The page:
Here’s a question I was asked about whether you should put your vocals through the same PA as your backing tracks…
Just recently purchased NUMARK Ipod Mixer. its awsome. I do have A QUESTION REGARDING VOCALS AND PA SYSTEM. Should I be singing out of the same speaker that the music (The backing Track) is coming out of, or do i have to spend more money, get another amp and another set of speakers and seperate the vocals from the music for live shows? I would prefer to sing out of the 2 main speakers and also use those main speakers for the backing trax as well. Your help is appreciated.
Yes, the Numark iPod mixer has been getting some great reviews.
If your PA system is big enough and powerful enough to handle both your vocals and the music for the size of venue your playing, then there is no need to have seperate vocal PA and a seperate music PA.
I recommend you put everything through the one system. Just make sure it’s a big enough system to handle all the music and vocals and make sure it’s full range (ie your PA contains bass speakers as well as mid-range, horns or tweeters).
The idea of seperating vocals and instruments has its roots in the old “band” days when a band would be made up of, say, a couple of guitarists, a drummer, and maybe keyboard player. Each individual musician would have his own individual amp/speaker combo beside him on stage so a couple of extra speakers would be pushed to the front of the stage for the singer. The singers two speakers were referred to as “the PA”. Any members of the band who could sing would have their microphones plugged in to “the PA” too but the sound of their instrument would remain only coming out of their combo speaker/amp beside them.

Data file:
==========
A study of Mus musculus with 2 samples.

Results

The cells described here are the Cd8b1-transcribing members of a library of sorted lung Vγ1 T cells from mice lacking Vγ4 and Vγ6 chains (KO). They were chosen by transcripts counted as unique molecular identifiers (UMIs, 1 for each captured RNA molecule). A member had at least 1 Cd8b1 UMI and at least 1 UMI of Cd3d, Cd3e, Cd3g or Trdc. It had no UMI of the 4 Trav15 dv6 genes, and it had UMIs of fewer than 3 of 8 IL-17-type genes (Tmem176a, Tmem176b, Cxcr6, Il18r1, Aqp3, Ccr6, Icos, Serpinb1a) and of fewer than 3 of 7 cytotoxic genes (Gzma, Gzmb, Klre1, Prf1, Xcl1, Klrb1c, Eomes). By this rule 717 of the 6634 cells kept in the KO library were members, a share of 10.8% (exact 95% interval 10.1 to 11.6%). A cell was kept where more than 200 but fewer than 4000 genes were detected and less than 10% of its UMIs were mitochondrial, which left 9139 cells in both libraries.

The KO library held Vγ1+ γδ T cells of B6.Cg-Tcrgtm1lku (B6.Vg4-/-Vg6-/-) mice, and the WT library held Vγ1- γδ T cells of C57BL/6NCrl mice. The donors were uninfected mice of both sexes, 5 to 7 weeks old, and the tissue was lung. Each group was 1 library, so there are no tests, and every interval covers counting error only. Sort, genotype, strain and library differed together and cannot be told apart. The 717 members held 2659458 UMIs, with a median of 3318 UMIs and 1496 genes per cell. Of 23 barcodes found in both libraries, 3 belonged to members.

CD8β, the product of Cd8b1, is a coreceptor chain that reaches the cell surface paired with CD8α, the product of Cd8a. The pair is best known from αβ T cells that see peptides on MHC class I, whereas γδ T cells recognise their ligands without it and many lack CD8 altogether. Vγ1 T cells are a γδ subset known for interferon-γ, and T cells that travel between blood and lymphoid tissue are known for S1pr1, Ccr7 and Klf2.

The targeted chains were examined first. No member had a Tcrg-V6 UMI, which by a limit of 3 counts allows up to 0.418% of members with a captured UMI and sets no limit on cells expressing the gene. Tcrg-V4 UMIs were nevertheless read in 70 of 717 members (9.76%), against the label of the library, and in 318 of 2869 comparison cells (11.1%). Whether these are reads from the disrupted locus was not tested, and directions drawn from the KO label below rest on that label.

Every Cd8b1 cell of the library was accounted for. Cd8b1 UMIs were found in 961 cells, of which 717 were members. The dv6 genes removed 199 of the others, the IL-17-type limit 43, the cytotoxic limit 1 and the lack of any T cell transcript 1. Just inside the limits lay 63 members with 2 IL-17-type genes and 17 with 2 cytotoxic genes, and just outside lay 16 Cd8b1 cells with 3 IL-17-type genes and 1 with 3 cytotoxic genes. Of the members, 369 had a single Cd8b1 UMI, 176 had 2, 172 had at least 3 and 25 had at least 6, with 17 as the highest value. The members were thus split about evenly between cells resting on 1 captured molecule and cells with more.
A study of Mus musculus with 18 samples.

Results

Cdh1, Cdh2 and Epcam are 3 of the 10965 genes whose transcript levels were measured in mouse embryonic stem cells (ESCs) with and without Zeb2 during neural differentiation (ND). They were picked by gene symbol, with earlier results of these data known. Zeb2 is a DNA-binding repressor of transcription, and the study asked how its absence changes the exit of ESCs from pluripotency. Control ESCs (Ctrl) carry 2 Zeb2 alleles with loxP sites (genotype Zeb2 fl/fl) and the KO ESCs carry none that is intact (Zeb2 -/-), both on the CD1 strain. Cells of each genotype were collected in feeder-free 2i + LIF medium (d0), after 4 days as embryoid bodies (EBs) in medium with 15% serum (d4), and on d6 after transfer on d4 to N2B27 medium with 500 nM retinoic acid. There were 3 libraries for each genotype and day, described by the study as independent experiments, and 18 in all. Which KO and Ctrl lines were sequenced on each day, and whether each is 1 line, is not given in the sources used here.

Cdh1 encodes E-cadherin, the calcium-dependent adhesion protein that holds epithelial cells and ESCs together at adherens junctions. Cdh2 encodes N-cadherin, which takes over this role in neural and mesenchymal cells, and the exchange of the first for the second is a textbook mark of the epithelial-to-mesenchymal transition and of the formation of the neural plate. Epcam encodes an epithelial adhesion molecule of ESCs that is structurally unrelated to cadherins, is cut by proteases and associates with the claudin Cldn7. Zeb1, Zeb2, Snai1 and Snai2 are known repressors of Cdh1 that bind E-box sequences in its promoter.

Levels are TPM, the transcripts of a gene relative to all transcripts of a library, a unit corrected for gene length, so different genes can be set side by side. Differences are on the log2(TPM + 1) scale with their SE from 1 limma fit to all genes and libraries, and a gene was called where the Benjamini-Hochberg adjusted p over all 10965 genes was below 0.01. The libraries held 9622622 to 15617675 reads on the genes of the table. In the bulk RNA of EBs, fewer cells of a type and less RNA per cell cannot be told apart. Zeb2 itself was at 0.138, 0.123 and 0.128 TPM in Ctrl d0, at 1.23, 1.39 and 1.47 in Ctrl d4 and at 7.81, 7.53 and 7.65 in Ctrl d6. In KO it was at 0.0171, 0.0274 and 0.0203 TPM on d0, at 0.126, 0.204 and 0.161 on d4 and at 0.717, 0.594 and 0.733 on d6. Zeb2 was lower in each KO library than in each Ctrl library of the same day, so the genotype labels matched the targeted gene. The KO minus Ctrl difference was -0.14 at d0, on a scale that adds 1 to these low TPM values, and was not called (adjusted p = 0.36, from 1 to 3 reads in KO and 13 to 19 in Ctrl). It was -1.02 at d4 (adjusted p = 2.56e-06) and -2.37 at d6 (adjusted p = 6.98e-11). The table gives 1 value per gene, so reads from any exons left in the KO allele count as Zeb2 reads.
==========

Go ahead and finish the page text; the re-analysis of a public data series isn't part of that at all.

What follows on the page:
However with a “band” style of set up (which is still just as popular today by the way!), there is an obvious problem when the band are called on to play in a really large venue where their individual instrument amp/speaker combos are not loud enough to fill the venue.
So they solve this problem by using an exceptionally large PA system out front and “pipe” some of the sound of their instruments through the PA system (i.e. the musicians will “mic up” their combos). You’ll often see guitarists with their little combo amps beside them on stage and a microphone sitting in front of the speaker part. That microphone is picking up the sound from his combo amp and sending it to the PA to give extra volume. The drummer will usually “mic up” his drum kit and put it through the main PA too.
A sound engineer will normally sit on the PA systems mixing desk and he controls the volumes and balances of all the instruments and vocals that are coming out the big front-of-house PA.
Monitor speakers (sometimes called foldback) are normally be provided for the singer although the musicians can usually monitor (hear) what they are playing from their combo amps on the stage beside them.
This is still the way many bands play today when playing large venues.
Sound systems have come a long way and unless you are working in a band consisting of more than 2 or 3 musicians, then you’ll usually achieve a much nicer, rounded, balanced sound by putting your backing tracks and your vocals all through the one full-range PA system (with perhaps a little monitor on the stage beside you for venues where your PA is out in front of you).
For solo acts playing in small to medium venues, seperating everything through different PA’s or speaker systems rarely works to your advantage.
I remember one musician many years ago who used an old Tascam Portastudio for his backing tracks. He had bass on one track, drums on another, guitar on another, and he played piano and sang live on top. He routed the bass to a Marshall bass amp and speaker , the drums to a full-range Peavy combo and the guitar to a Fender twin-reverb combo. His idea was that his backing tracks would sound ike a real band because all the instruments were coming from the areas on the stage you would expect them to come from if you were listening to a real live band…
Sadly it just sounded like an almighty mess and a mush of sound!
It just goes to show that when it comes to music, what sounds as if it should work in theory, and what really works in practice, are often two different things.
I hope I’ve helped somewhat and not clouded the issue even more!